N.J.’s top cop and judge agree: Stop jailing people for minor fines | Editorial

Published: Jun. 06, 2022

The chief justice of New Jersey’s Supreme Court, Stuart Rabner, has been on a years-long campaign to stop using our jails to punish people for being poor; what amounts to a debtor’s prison.

He started by making our state a national model for bail reform, locking up dangerous people awaiting trial but releasing those stuck behind bars because they can’t afford to pay their way out.

Now he’s seeking to reform our municipal court system for lower-level offenses, which brings us to the new policy announced last week for all New Jersey cops and courts: You can no longer arrest people for minor fines like an unpaid parking ticket or hold them in jail because they can’t pay.

A 2018 report on our municipal court system commissioned by the chief justice found towns were using their local courts like a virtual ATM: Passing ordinances against petty crimes, then punishing people with hefty fines – and jail time if they couldn’t afford them.

This is a commonsense reform, but that doesn’t lessen its importance, as Alexander Shalom of New Jersey’s American Civil Liberties Union points out – for years, cops have been arresting hundreds of thousands of people in our state for minor stuff like this. So kudos to Rabner, other leaders of judiciary and the office of acting Attorney General Matt Platkin for getting this done.

Yes, in an ideal world, no one would ever drive above the speed limit, break any local ordinance against littering or smoking or fail to pay the fine. But that’s not where we live, is it?

Now imagine being in the car with your kid when a cop pulls you over for a busted tail light, then arrests you, saying you have to come away in handcuffs because of some old ticket for a couple hundred bucks that you might not even remember.

As we noted in 2018, because a 20-year-old college kid in Burlington Township couldn’t pay a $239 ticket for flicking a cigarette out his car window, he was arrested on the spot. That’s bad enough for someone who can come up with the money he owes, but those who can’t might be stuck in jail for days or a week, even lose their jobs. They could wind up owing hundreds of dollars more for late fees and court costs.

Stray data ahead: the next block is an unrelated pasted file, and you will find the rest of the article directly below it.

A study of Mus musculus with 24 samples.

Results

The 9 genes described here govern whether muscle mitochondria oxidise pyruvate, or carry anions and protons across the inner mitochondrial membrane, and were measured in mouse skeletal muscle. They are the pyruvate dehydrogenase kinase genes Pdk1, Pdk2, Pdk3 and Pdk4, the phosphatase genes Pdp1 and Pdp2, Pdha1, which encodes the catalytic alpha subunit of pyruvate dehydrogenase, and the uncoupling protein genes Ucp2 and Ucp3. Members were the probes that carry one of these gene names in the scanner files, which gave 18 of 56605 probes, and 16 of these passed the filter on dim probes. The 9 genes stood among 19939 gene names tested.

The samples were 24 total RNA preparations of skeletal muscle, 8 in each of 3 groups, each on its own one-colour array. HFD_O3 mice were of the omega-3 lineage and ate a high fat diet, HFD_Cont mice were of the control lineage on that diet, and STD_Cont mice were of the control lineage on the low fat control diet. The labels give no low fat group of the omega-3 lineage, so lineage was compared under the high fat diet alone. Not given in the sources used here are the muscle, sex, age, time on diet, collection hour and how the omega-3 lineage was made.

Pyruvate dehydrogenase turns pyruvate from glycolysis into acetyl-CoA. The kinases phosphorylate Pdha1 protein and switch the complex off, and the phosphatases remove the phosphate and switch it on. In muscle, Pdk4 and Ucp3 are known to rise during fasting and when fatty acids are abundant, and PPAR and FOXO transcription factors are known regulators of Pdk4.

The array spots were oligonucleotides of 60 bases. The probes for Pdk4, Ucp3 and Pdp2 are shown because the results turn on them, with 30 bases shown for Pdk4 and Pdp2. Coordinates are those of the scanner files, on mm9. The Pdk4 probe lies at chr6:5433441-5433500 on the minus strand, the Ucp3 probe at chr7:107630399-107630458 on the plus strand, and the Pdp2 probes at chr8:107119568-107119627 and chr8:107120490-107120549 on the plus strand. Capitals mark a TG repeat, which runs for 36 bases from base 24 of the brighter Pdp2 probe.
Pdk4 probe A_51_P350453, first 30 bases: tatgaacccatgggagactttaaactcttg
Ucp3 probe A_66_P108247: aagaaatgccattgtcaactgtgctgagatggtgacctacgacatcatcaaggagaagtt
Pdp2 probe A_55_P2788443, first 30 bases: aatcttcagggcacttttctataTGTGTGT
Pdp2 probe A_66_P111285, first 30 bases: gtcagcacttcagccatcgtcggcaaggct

And studies show enforcement disproportionately targets people of color – with sometimes tragic results, as we’ve seen across the country. Sandra Bland, a Black 28-year-old, had an outstanding warrant for unpaid traffic tickets when she was pulled over for failure to signal a lane change, needlessly arrested and committed suicide in jail.

New Jersey’s courts have instituted some reforms in recent years: Certain assignment judges overseeing our municipal courts have set limits on the detention of petty offenders in their vicinages, and the judiciary has moved to cap court fees and toss out more than a million old, unpaid tickets on minor matters. Great.

But this is the first uniform, statewide policy to end the practice of arresting people on unpaid fines, and to ensure that the courts release them. It’s important to note that under the acting AG’s new directive, police can still arrest someone they think is trying to evade unpaid tickets for low-level stuff, if it becomes a serial problem. They just can’t do so in the very first encounter.

Instead, they’ll simply warn people that they must appear in court. Most of the time, that’s enough. “When we see these very low-level incidents turn horrible and lead to very tragic results, that’s not a good result for police either,” as Shalom points out.

Which is why this reform also has the support of law enforcement groups, like the state association of police chiefs and the state’s largest police unions. Top brass agree with Rabner and the ACLU: We need the cops to fight serious crimes like rape and robbery, not to act as low-level debt collectors.